1950s fashion has contributed to many retro and vintage inspired dresses that women of today find so inspiring. As originally, with 1950s dresses today’s styles and elements such as fabrics, colours and patterns is developing at a very exciting pace.
With our popular retro vintage fashion brands HELL BUNNY and BANNED APPAREL proving so popular we thought it fascinating to delve into the influences, history and development of such an inspiring and timeless appearance. In the first of our two-part ‘vintage dress’ blog we look at the foundations of 1950s fashion from post war austerity to the emergence of Hollywood.
Throughout the 1940s, fashion had to be very resourceful mainly because of rationing and the impossibly decreasing supply of fabrics due of course to World War II. The somewhat predictable result was simple lines often using as little material as possible.
The 1950s made way for the new availability of manufacturing. Beginning in the United States women’s fashion benefited greatly from the varying types of fabrics in much more abundant quantities resulting in less restrictive, fuller designs. New advances in mass production allowed for more garments to be manufactured at greater speed and in greater quantity than ever before. As production speed increased, clothing became more affordable, many manufacturers producing garments for the high street attempted to copy the designs of haute couture fashion houses such as Dior and Givenchy.
After the sober and mainly somber colour palettes of the 1940s – 1950s fashion heralded women’s dresses with an abundance of fabric, including detailed gatherings, multi pleated designs and petticoats all made from the most contemporary fabrics.
Nylon which was no longer required for wartime parachutes, becoming a 1950s fashion essential used to make dresses, lingerie and blouses.
Cotton was still a popular choice for lighter summer clothing although it was the introduction of Dacron and Rayon reducing time consuming ironing because of non creasing materials that was seen to have great advantages. Synthetic fibres and blends reduced the dependency on sometimes costly, high maintenance wool garments and washing also became simpler with new drip-dry fabrics and garments.
The 1950’s marked the beginning of one of the biggest periods of economic growth in American history and introduced consumerism that has defined a lot of culture both in America and across the world to the present day.
In 1947 Christian Dior designed his ‘New Look’ (as it became known) that so heavily influenced 1950s fashion. It had it’s origins in mid-19th century design that included billowing full skirts, tight waist bands and an unmistakable bust line.
As the style evolved and broadened, bold, highly contrasting stripes to thin stripes on lighter backgrounds were introduced. As were bold, confident floral prints and polka dots presented in contrasting colours, such as red on white, or dark blue with white textured dots.
Embroidered designs were often featured near the hem of a wide skirt. A felt poodle appliqué became the iconic symbol of choice of 1950s style and is often still worn today on many vintage style dresses – examples can be found in seasonal collections from HELL BUNNY and BANNED APPAREL.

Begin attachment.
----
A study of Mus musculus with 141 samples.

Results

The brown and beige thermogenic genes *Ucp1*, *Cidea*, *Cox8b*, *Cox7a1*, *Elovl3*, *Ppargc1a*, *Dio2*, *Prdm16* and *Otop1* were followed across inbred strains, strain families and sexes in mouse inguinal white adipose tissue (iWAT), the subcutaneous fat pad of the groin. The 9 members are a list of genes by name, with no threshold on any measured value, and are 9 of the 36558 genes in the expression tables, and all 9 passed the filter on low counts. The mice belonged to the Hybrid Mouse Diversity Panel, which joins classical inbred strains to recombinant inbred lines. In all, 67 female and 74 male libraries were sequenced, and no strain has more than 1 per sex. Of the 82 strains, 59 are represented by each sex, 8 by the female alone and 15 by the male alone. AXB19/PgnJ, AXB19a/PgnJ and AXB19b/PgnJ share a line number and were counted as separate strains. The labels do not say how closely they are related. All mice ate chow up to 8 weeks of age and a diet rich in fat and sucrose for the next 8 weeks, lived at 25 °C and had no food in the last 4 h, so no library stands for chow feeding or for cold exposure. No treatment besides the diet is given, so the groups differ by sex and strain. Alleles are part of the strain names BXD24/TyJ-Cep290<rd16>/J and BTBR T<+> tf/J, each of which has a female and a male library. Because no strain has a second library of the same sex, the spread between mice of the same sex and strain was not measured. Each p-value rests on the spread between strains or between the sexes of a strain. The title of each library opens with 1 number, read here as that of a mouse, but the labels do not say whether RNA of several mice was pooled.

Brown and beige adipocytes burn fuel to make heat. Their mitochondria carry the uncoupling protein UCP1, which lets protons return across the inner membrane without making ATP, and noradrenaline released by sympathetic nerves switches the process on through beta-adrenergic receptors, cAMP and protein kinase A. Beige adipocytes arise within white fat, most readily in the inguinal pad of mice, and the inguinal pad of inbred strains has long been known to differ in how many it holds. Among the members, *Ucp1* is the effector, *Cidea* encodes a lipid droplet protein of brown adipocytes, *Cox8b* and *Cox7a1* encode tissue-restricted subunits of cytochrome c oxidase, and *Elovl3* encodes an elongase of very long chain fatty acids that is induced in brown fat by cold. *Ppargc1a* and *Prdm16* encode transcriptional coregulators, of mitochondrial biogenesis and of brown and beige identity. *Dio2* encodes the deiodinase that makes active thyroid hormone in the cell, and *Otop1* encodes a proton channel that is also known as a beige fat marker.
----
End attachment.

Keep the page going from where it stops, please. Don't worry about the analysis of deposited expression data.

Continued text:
Other designers that had a vital influence throughout the 1950s were:
Clare McCardell known for her casual look using both denim and gingham. As Dior, she started designing in the 1940s and continued to design clothing throughout the 1950’s.
Cristóbal Balenciaga designed and created an easy relaxed style rather than the very structured, tailored garments of the 1940s. He was also the first to compliment a loose coat with a pencil skirt creating a unique new combination. The ‘A’ sack dress designed in 1957 evolved into the popular shift-style dress of 1960s.
In 1955, Coco Channel launched the Channel quilted handbag, still popular to this day.
Hubert de Givenchy was best known for Paris couture with his designs based on separates with a playful flourish. With clients such as Audrey Hepburn and Jackie Kennedy his collections were guaranteed almost instant exposure.
Movie star fashion influenced the clothing styles of ladies in the 1950s. The introduction of cinema from America and television into peoples living rooms brought new fashion ideas to the multitude ensuring many people young and old were influenced by the trends set by their favourite celebrities.
Icons such as Marilyn Monroe, Grace Kelly’s effortless style wearing Hermes and Givenchy inspired Audrey Hepburn created an air of elegant yet youthful grace with tight waistlines, generous skirts and pronounced bust lines. They became fashion icons that are still admired and copied today.
Doris Day symbolised a healthy, girl-next-door beauty her choice of casual clothing styles that became so popular in the 1950s.
As cinema and television swept the world, the youth market was eager to copy the ‘style of the stars’. Up until that time, clothing trends had largely been set by fashion houses that catered to the more lucrative adult market with the dress style of young people simply following adult fashions.
However with the emergence of and rock ‘n’ roll teenage fashion quickly developed into a huge industry in its own right. Teenagers became the driving force behind 1950s fashion.
‘Retro – 1950s Fashion’ is the second part of this blog and will follow in the near future.
Visit our 1950s inspired vintage dresses HERE.